Photo: iStock

You know the old adage, “opinions are like assholes; everybody has one?” Well, apparently, the same holds true for diet plans—everyone is sure they have the answer and is insistent that theirs is the best one for you. So, after only two days of publicly sharing what could most accurately be described as a dietary experiment, before we continue, I’m here to share a public service announcement:

Some of you must be making the overweight people in your lives miserable.

I say this because quiet as it’s kept, people who grapple with their weight aren’t generally in the dark about nutrition—after all, many of us have been studying it obsessively since before puberty. We know about all the plans, and metabolic loads, and intake vs. outtake, etc., etc., etc., ad nauseam you’re making me nauseated. In fact, most of us have even experienced major weight loss in our lives, as I have twice—once by eating in the style that would later come to be known as Paleo, and once by cutting out absolutely no food groups, sugar or alcohol at all, and simply following a little-known plan called Weight Watchers. (Fun fact: I lost the same dozens of pounds on each plan, within the same timeframe). I’ve even been vegan before; for nearly a year, in my 20s. And for years in my 30s, I’d occasionally spend 10-14 days on the Master Cleanse; you think I’m afraid of going without meat and dairy for three weeks? Nah.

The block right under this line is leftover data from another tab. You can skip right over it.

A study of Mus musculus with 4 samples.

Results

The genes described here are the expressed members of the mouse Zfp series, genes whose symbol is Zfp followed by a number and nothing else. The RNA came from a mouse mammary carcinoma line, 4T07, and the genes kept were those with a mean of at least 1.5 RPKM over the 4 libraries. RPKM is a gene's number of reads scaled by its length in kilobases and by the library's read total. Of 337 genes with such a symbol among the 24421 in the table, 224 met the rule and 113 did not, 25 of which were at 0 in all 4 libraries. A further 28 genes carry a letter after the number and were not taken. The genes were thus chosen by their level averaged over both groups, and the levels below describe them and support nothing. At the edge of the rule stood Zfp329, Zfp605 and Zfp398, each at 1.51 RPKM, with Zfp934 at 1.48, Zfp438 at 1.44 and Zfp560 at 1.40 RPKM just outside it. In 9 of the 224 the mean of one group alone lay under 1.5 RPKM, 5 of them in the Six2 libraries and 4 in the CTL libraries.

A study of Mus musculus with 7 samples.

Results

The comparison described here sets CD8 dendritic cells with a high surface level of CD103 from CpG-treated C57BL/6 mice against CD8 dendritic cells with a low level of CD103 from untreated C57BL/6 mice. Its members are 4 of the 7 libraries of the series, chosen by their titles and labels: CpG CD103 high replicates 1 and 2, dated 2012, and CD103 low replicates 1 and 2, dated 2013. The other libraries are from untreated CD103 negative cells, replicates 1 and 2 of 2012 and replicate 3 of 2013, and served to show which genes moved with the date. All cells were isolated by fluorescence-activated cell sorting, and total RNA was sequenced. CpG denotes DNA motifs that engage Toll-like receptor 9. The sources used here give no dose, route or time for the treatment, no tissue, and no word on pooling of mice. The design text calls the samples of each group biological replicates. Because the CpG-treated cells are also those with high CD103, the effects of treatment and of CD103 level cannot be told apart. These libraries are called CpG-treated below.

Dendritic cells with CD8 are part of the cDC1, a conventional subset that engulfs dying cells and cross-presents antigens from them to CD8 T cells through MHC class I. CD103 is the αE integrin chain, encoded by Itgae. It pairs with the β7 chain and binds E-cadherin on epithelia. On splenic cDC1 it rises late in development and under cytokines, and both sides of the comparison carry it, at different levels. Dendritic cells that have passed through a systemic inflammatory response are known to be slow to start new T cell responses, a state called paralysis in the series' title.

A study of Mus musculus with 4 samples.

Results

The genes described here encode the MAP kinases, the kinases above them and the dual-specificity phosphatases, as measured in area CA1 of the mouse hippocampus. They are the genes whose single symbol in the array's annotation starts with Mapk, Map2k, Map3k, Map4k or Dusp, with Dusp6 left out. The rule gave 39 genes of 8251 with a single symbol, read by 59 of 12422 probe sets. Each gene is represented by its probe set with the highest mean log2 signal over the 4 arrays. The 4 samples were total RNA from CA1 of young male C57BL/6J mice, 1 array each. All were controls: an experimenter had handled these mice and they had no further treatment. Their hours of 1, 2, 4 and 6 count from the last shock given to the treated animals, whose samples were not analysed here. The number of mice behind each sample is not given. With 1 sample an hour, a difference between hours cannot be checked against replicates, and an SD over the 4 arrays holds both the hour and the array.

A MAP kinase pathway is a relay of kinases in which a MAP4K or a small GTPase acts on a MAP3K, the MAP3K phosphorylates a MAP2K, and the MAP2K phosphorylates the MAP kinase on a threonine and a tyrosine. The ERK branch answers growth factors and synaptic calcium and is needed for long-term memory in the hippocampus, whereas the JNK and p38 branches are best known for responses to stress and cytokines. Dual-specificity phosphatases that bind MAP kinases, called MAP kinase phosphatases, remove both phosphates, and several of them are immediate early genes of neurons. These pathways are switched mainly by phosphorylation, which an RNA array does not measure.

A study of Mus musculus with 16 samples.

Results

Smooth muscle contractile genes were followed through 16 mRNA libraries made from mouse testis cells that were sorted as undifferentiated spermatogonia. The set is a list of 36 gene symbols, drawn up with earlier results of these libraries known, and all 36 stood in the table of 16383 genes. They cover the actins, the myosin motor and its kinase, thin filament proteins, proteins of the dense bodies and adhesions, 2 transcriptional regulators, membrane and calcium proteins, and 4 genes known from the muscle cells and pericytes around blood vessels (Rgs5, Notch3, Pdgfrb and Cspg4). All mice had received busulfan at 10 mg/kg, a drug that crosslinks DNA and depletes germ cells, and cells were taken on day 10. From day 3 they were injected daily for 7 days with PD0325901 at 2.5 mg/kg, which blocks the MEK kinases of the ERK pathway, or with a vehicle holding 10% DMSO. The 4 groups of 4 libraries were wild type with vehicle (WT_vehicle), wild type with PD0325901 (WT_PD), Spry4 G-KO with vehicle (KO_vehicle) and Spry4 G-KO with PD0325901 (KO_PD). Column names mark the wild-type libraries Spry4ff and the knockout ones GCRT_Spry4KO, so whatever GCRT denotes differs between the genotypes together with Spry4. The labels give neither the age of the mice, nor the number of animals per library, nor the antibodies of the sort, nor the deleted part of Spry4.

My point? There’s no magic bullet to weight loss other than discipline; and trust me, your fat friends and family already know this. They’re not asking for your permission—or your advice (unless expressly requested). What they’re asking for is your support as they try to exert positive force against what often feels like an immovable object, made so by lack of confidence, resources or physical or emotional stamina (because never underestimate the impact of mental health upon a weight loss journey). Do you really think your loved one is going to benefit from condescension and bullying? Nine times out of ten, weight gain is a side effect of the love we haven’t been giving ourselves, so any positive momentum should be celebrated, not criticized. If we’re already trying to do better, how about you be a pal and not pile on by telling us it’s not good enough? I promise, your fat friends and family will appreciate you.

Now that we’ve gotten that out of the way, let’s talk Day 2 of 22 Days. Truthfully, I can’t help but feel I’m still cheating a bit; though I stayed strictly vegan on Day 2, my schedule simply did not permit me to prepare any of the recipes on the plan, because, well, I failed to plan (note to self: spend this weekend meal-prepping). Instead, I relied on some of the semi-fresh options available at my local Trader Joe’s—their Super Burrito (filled with quinoa, sweet potato, and veggies, covered with their Salsa Verde), is the deliciously filling five minutes-or-less option I need to stay on pace for the day, while their coconut creamer is helping my coffee habit stay satisfying.

What I did manage to do was whip up a few plant-based faves that have been in my life for years: kale, tomato, and red onion salad massaged with a carrot-miso dressing (also courtesy of TJ’s), and garlic-roasted cauliflower, which I could seriously just eat by the head daily. Add a half cup of brown rice, and dinner was served...and while it may not have been pretty, it was pretty delicious.


So, Day 2 down, and all I have to say is this: Be nice to each other, folks. Life is hard enough.